At the recent RSA Security Conference in San Francisco, data-centric security and protection received a lot of attention. Several trends account for this. The main one, of course, is the large number of high-profile data breaches and other cyber attacks continually making the news — a trend that shows no sign of subsiding. In addition to this constantly lurking threat, we can add growing compliance and regulatory requirements as well as the advent of new (difficult to protect) technologies, applications, and architectures. Throw in all the revelations about hacking by various government intelligence services, and it’s easy to see why organizations and security solutions providers have made data-centric security and protection a top priority.
The data-centric security model focuses on protecting an organization’s sensitive data as opposed to protecting the overall computer networks and applications — as is the case with more traditional security models that function primarily by implementing a security perimeter designed to keep bad actors out. That said, data-centric security is intended to support an organization’s overall data loss prevention strategy in conjunction with network, anti-virus, and other enterprise security incident and event management systems.
In practice, data-centric security solutions are designed to work with existing networks and IT systems to safeguard data even when perimeter and network defenses are penetrated or endpoint security fails. And they are increasingly seen as a way to protect sensitive data wherever it resides — whether in cloud platforms and cloud applications, traditional databases, big data environments (e.g., Hadoop, NoSQL databases, in-memory analytics), mobile platforms, and Internet of Things (IoT) technologies. This is accomplished by identifying and encrypting sensitive data (where it resides), and controlling user and application access via a centralized key management system.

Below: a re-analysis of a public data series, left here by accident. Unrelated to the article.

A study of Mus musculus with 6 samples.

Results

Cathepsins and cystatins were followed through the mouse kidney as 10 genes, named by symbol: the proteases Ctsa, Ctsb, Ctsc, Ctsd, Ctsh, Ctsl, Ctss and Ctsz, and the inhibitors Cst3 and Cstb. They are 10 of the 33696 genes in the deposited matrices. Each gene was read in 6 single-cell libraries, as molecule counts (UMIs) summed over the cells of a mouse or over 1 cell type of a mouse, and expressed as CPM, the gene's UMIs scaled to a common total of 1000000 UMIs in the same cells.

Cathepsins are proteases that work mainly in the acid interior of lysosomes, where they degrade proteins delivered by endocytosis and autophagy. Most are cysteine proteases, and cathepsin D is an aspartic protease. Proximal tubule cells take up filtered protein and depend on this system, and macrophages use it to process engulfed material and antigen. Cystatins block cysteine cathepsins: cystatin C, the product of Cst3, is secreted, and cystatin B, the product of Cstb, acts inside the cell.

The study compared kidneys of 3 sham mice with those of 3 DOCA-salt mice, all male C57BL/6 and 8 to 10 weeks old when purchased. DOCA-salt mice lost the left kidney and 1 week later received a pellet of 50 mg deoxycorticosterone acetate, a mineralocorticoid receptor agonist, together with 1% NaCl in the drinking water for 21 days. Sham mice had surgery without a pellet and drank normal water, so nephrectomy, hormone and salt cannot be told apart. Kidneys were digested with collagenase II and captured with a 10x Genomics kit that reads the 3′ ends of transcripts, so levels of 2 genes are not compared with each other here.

In the data-centric security model, only authorized users are allowed access to encrypted data via the cryptographic key necessary to decrypt it. Consequently, in theory, should the organization suffer a data breach, any stolen or leaked data would prove useless to hackers and other bad actors because they would be unable to decrypt it.
Data-centric security has been around for awhile; however, it is receiving renewed attention as a way to extend data protection and security to end-point and edge devices and computing associated with cloud, mobile, and IoT technologies. Such applications are seen as somewhat complicated to protect because they tend to stretch the bounds of what we’ve come to consider a fairly well-defined computer network. (For example, securing data in cloud environments is worrisome due to lack of control of its location; while mobile and IoT have their own concerns regarding the security of the devices themselves as well as how they get access to corporate data. And, for that matter, big data environments like Hadoop are worrisome because they were not initially designed for managing sensitive data — certainly not to the degree that we’ve come to expect with enterprise relational databases.)
In short, data-centric security is intended to address requirements for locating and identifying sensitive data residing in databases and other systems, and apply data encryption, data masking, and policy-based data access controls and monitoring to protect data residing across multiple enterprise environments.
An important industry trend is that the data-centric security vendors are now applying behavior analytics and machine learning (ML) to add automated analysis and adaptive capabilities to their offerings. In fact, behavior analytics and ML are emerging as ways for implementing real-time threat detection in IT security environments in general. At the RSA Security Conference, behavior analytics used in such a capacity was the subject of considerable discussion. And a number of security vendors have announced new products using the technology over the last six months or so, including data-centric security providers like Dataguise, DB Networks, RSA, Security On-Demand, and Vormetric.
Behavior analytics facilitate detection of advanced attack activities. ML techniques add an adaptive capability to threat detection by allowing security programs to generate dynamic models of baseline application and user behavior. By comparing system, user, network, and other activity to this baseline model, behavior analytics seek to identify anomalies potentially indicative of suspicious activities (e.g., unauthorized or differing attempts by users to access files, compromised credentials, social engineering and phishing incidents). The goal is to spot key aspects of advanced threats well in advance so that IT administrators and security analysts can interdict them before they can turn into full-blown data breaches or other hacking incidents.
We’ll be hearing a lot more about data-centric security and protection, as it is increasingly being seen as an important component of an organization’s overall (layered) IT security strategy — one intended to protect sensitive data even when network, anti-virus, and other security solutions are compromised.